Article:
Ominous Trends in Foster Care | Sharing an important post from the National CASA Blog
Our Alexandria/Arlington CASA volunteers are intimately aware of the local foster care system, its challenges, and its impact. As they work closely with families here in our community, we also keep an eye on foster care and adoption trends around the country, which is why this recent post from National CASA CEO Michael Piraino caught our eye. We’ll certainly remain focused in our work on Mr. Piraino’s challenge — to “ensure all children in foster care achieve positive outcomes regardless of geography, economic circumstances, or such factors as race or ethnicity” — and we hope you will too.
[Re-posted from National CASA Blog: “Ominous Trends in Foster Care”]
For several years, CASA volunteers and staff around the country have been concerned about an ominous trend. Despite a general decline in the number of children in foster care, the family courts were requesting more volunteer advocates for more and more foster youth. Additionally, the children who had CASA and guardian ad litem advocates were coming from more challenging home situations. It is a sadly familiar pattern we have seen after previous recessions.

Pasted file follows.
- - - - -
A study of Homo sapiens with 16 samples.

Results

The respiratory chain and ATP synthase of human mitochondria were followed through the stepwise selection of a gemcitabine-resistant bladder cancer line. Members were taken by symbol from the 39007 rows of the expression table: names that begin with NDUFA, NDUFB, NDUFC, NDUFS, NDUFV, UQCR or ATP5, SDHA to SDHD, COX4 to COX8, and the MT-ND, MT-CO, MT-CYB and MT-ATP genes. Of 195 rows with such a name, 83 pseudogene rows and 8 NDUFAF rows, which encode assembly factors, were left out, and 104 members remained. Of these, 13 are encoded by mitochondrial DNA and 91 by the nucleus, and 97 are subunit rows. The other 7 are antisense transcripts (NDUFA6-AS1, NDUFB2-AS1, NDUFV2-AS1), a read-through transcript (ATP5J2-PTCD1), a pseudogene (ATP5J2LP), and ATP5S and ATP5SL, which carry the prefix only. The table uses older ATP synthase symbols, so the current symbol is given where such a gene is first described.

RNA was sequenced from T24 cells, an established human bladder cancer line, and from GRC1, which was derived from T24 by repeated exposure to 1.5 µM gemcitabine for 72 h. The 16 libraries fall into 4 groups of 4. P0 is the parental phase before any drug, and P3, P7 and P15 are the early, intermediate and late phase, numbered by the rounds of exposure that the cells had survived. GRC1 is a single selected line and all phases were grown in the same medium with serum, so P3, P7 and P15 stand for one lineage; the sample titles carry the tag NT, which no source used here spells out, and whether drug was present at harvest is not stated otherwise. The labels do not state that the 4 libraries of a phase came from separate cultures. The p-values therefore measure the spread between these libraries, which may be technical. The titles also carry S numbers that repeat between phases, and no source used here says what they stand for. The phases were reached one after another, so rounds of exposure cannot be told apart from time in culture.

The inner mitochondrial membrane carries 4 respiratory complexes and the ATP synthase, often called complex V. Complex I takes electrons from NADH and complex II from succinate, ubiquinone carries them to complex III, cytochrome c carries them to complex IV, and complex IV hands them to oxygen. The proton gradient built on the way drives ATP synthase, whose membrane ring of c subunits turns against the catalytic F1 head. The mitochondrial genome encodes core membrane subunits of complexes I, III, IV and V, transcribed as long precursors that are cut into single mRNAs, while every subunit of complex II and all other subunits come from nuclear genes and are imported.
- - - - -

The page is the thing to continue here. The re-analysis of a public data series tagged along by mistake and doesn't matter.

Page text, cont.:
Last year we also noted that the decline in children in foster care was leveling off. The new numbers now confirm what our volunteers feared might happen. The number of children in foster care nationwide increased in 2013 for the first time in seven years. At the same time, we have received a report that child welfare spending actually declined nationwide between 2010 and 2012. That’s the first time spending has gone down in twenty years.
This drop in spending is not accounted for by the declining numbers from 2012, according to Child Trends’ research. Plus, now that we know the number of children in care is rising again, it looks like a perfect storm: less money for services, but more children, from more difficult circumstances, coming into care…[Read the full blog post on National CASA’s Blog here.]